Thirty years ago, Helene Solomon was a fresh Boston transplant, her voice still thick with a New York City accent. She was living in Allston/Brighton and working in Mayor Kevin White’s administration.
Boston was just making the change to electing most of the City Council from districts, instead of citywide. All of a sudden, Solomon’s neighbors were knocking on her door, asking for her vote in the district election.
“I thought, I’m just as good and smart and passionate as these guys,” Solomon, now 60, recalled. “Why don’t I run for office?”
She did, becoming the only woman candidate in an eight-person field. Her goal, Solomon said, was to eke out a second-place finish in the primaries, then move on to the general election.
“We didn’t want to come in first and upset all the guys,” she said.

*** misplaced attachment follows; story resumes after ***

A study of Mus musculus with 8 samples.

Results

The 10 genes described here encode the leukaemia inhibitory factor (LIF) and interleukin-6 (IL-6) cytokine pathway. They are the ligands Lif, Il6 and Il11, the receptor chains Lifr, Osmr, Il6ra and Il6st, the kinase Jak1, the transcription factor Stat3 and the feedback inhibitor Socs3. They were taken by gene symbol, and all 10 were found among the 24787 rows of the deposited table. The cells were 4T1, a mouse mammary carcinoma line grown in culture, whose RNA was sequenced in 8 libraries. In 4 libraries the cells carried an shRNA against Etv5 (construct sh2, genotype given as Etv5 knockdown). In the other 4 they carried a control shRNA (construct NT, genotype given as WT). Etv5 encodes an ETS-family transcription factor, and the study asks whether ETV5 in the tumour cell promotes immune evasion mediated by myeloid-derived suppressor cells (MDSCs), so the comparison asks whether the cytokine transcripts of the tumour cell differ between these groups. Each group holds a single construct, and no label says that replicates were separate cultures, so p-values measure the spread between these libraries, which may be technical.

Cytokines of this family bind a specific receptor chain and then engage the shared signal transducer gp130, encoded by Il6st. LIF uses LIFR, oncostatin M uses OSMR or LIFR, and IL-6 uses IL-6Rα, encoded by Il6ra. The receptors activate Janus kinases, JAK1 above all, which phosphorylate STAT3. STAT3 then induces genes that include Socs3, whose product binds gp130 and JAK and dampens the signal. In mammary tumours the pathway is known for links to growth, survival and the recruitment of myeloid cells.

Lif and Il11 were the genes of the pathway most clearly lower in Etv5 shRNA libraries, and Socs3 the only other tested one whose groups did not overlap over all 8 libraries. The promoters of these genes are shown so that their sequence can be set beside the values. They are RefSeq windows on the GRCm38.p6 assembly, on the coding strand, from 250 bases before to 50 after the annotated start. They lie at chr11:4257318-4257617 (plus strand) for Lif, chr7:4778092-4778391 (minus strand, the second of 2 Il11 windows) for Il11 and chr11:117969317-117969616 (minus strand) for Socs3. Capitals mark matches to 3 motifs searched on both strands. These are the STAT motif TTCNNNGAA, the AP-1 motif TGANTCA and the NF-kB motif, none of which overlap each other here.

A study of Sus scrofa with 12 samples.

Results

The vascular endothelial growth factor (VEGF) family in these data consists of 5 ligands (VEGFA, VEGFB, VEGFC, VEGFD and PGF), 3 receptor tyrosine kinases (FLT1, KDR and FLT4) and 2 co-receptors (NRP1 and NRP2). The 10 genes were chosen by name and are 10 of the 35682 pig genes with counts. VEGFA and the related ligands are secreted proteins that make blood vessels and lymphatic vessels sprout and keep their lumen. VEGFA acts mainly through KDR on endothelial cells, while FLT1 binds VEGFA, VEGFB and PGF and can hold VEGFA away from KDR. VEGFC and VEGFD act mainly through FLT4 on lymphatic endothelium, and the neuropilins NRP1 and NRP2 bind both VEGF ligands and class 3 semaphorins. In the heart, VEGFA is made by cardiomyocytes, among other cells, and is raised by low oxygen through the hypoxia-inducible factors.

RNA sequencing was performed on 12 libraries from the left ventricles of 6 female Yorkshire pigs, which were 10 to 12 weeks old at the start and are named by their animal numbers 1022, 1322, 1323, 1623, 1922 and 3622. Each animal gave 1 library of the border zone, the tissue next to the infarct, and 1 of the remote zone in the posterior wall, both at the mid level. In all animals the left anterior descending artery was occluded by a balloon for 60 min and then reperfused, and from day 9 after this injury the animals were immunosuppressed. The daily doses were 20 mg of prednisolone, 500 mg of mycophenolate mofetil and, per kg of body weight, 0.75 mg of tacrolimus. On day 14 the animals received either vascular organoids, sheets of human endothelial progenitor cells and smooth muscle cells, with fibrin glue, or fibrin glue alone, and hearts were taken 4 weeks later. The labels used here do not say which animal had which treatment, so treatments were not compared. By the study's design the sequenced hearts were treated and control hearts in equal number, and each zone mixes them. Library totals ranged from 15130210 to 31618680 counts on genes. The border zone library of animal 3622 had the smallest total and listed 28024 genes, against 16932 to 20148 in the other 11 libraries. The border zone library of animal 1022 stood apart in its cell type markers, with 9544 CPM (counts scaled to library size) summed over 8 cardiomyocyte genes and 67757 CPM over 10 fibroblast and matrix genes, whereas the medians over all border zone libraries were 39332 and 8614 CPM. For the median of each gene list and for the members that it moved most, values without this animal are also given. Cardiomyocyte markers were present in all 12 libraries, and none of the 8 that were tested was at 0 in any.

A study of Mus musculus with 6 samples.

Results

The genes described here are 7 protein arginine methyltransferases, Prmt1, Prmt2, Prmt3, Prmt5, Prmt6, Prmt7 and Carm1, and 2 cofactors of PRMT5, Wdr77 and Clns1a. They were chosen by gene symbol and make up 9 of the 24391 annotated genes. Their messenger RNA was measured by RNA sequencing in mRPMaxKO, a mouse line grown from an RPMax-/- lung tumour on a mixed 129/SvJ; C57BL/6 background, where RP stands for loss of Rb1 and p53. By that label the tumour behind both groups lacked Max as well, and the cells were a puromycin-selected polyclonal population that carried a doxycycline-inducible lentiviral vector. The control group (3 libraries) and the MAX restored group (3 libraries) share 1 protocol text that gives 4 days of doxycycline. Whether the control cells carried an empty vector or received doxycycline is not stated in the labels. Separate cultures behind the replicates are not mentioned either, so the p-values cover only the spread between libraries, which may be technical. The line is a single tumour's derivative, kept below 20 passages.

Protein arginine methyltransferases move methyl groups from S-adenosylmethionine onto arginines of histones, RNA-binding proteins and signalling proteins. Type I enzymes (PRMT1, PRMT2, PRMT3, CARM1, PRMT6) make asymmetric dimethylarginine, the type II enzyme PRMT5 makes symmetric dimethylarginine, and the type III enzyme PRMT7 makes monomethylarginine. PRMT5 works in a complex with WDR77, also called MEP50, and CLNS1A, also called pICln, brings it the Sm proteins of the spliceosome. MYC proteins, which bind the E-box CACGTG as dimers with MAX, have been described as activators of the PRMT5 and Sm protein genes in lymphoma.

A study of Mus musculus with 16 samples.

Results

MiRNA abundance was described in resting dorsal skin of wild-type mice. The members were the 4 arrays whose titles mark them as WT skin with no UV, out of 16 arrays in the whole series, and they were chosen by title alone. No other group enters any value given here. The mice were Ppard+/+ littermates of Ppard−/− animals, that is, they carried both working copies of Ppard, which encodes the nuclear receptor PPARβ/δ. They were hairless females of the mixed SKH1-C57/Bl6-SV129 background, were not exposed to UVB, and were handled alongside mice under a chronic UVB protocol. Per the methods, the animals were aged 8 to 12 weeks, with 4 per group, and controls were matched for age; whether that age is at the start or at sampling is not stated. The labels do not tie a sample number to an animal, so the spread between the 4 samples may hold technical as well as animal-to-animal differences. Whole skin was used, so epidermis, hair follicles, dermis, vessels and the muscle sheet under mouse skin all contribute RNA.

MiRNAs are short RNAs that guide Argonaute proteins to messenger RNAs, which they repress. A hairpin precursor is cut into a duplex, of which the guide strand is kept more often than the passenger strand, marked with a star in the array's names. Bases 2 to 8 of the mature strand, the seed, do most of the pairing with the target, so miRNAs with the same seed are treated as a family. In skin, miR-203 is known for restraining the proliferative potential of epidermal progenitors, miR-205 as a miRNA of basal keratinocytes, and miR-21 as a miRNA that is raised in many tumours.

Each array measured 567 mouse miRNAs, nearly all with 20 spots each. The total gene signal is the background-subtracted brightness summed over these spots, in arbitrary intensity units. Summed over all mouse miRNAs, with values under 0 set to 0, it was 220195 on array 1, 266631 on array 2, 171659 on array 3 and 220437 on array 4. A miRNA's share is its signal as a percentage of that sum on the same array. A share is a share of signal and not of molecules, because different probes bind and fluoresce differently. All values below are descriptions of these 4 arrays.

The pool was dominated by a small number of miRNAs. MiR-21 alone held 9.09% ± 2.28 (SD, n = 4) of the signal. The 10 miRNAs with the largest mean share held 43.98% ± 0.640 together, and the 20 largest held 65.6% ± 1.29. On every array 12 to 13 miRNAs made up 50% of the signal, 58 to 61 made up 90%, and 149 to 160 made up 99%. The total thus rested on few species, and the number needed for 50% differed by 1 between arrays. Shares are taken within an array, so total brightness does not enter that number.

Her plan didn’t work. She won the primary, but narrowly lost the general election.
Still, Solomon said, her campaign was “the seminal experience” of her career. “It provided me with the fire and the fuel that enabled me to have the business I have today,” Solomon said.
Solomon’s decision to run 30 years ago was purely instinctual, she said, and it taught her to trust her gut. She learned to listen to people, she said, a skill that is invaluable in her PR business today.
It also gave her the confidence to take risks. This year, as her company celebrates its 10th anniversary, Solomon is opening a new branch of Solomon McCown in New York — the company’s first expansion outside Boston.
Solomon said this decision was instinctual, much like her decision to run for office years ago.
Her campaign poster still hangs in her downtown Boston office with harbor views.